China

China media: Papers hail sackings over Shanghai deaths

A man holds a portrait of a victim of the New Year's Eve stampede in Shanghai next to other mourners on 6 January 2015. Image copyright AP
Image caption Some say higher-level officials need to be questioned over the deaths

Chinese state media applaud the sacking of four district officials over the New Year's Eve stampede that left 36 people dead, but warn that this must only be the "starting point".

The four officials were dismissed and several others disciplined for failing to prevent risk, but no action has been taken against more senior, city-level officials.

A report released by investigators said district police and officials had been aware of growing crowds on the Bund riverfront walk, but failed to act or report the danger to higher authorities.

"We hope that holding people accountable is the starting point, so that all staff in relevant departments will be more aware of their responsibilities and take measures to prevent such incidents in future," an article in the Beijing News says.

The China Daily bemoans the fact that no municipal officials have been punished so far, and urges the Shanghai mayor to apologise.

"The mayor can never shirk his responsibility for the incompetence of district leaders under his leadership," it says.

But a Beijing Youth Daily commentary is more cautious, warning that "one cannot conclude that top-level officials should be held responsible" before a thorough investigation has been carried out.

It also defends investigators from accusations that they were reluctant to question any officials

"We believe that the team will not disappoint the Beijing government and will eventually give the public a convincing conclusion," the article - which was subsequently deleted from the paper's website - concludes.

'Declining' US

In international news, papers lash out at US President Barack Obama for criticising China over trade issues in his State of the Union address.

"China wants to write the rules for the world's fastest-growing region," he told Congress on Tuesday.

"That would put our workers and our businesses at a disadvantage. Why would we let that happen? We should write those rules. We should level the playing field."

China has pushed for a Free Trade Area of the Asia-Pacific (FTAAP) agreement, seen by some observers as a potential rival to the US-led Trans-Pacific Partnership that involves 12 regional countries, but excludes China.

A commentary in the overseas edition of the People's Daily suggests Mr Obama's criticism of China is a sign of growing US weakness.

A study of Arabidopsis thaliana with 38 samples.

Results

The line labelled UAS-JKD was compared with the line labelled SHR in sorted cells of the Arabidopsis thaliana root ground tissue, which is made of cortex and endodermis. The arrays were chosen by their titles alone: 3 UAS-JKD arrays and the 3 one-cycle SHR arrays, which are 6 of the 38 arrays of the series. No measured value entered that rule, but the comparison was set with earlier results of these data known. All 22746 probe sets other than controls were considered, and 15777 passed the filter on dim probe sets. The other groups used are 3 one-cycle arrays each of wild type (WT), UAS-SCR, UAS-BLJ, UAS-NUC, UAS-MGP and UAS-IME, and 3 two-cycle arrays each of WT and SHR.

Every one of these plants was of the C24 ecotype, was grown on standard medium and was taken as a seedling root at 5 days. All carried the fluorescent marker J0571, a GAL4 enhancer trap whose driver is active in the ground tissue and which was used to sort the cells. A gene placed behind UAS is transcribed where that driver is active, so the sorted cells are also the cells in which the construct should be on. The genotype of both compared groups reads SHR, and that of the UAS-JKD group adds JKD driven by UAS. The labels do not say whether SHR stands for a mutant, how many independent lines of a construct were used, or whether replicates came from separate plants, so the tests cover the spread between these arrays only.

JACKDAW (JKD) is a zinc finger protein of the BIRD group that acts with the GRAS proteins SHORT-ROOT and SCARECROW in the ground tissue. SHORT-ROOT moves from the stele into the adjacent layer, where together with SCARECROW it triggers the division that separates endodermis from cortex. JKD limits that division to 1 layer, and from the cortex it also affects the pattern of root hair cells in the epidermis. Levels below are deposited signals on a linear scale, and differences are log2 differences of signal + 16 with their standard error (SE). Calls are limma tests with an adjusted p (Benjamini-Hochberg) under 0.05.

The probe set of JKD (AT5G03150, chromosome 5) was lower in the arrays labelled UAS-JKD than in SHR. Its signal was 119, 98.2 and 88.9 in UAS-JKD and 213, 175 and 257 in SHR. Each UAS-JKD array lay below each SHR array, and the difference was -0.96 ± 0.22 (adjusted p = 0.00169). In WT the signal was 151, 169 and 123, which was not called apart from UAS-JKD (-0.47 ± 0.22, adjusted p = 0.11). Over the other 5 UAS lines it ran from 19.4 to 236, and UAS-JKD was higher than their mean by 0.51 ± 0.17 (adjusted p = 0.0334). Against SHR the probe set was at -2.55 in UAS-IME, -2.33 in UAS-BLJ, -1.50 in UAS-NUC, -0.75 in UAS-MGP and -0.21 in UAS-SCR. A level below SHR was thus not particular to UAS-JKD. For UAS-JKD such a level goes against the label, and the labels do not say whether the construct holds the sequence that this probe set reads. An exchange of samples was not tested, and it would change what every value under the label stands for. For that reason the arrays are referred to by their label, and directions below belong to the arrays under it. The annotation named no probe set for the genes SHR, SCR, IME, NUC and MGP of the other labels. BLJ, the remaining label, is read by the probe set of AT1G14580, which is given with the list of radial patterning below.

"In the past, the US was always seeking to promote an open global system, now it can only push for regional US-Asia or US-Europe trade deals, and has adopted an exclusive approach," the paper says.

"This shows that Washington's ability to shape and lead the international system is declining."

It also urges the US to show understanding for countries "that are catching up", accusing it of refusing to "co-operate with them on the same platform".

Zha Xiaogang, a researcher at the Shanghai Institute for International Studies, tells the Global Times that China does not seek to become the "rule-maker", but is "more interested in developing an economy that aims at creating mutual benefits".

"Mr Obama's address indicates that the US still wants to dominate the world," Mr Zha says. "They worry that China's fast development will challenge the status of the US."

Li Haidong of the China Foreign Affairs University urges the US to "pay more attention to developing co-operation with China instead of excluding China in its regional trade pacts".

And finally, papers welcome the abolition of a target-based assessment method for law enforcement officials.

The Commission for Political and Legal Affairs - the leading organ responsible for supervising law-enforcement and judicial institutions - announced on Tuesday that it will abolish "unreasonable" targets for measures such as arrests, prosecutions and convictions.

Backing the move, an article in the China Youth Daily points out that the assessment method was controversial in the past, as there were doubts on whether such a system is "scientific and reasonable".

"We often see that 100% or 99% of the crimes were solved or criminals convicted. But behind these figures, were some people being wrongfully convicted?" the article wonders.

BBC Monitoring reports and analyses news from TV, radio, web and print media around the world. You can follow BBC Monitoring on Twitter and Facebook.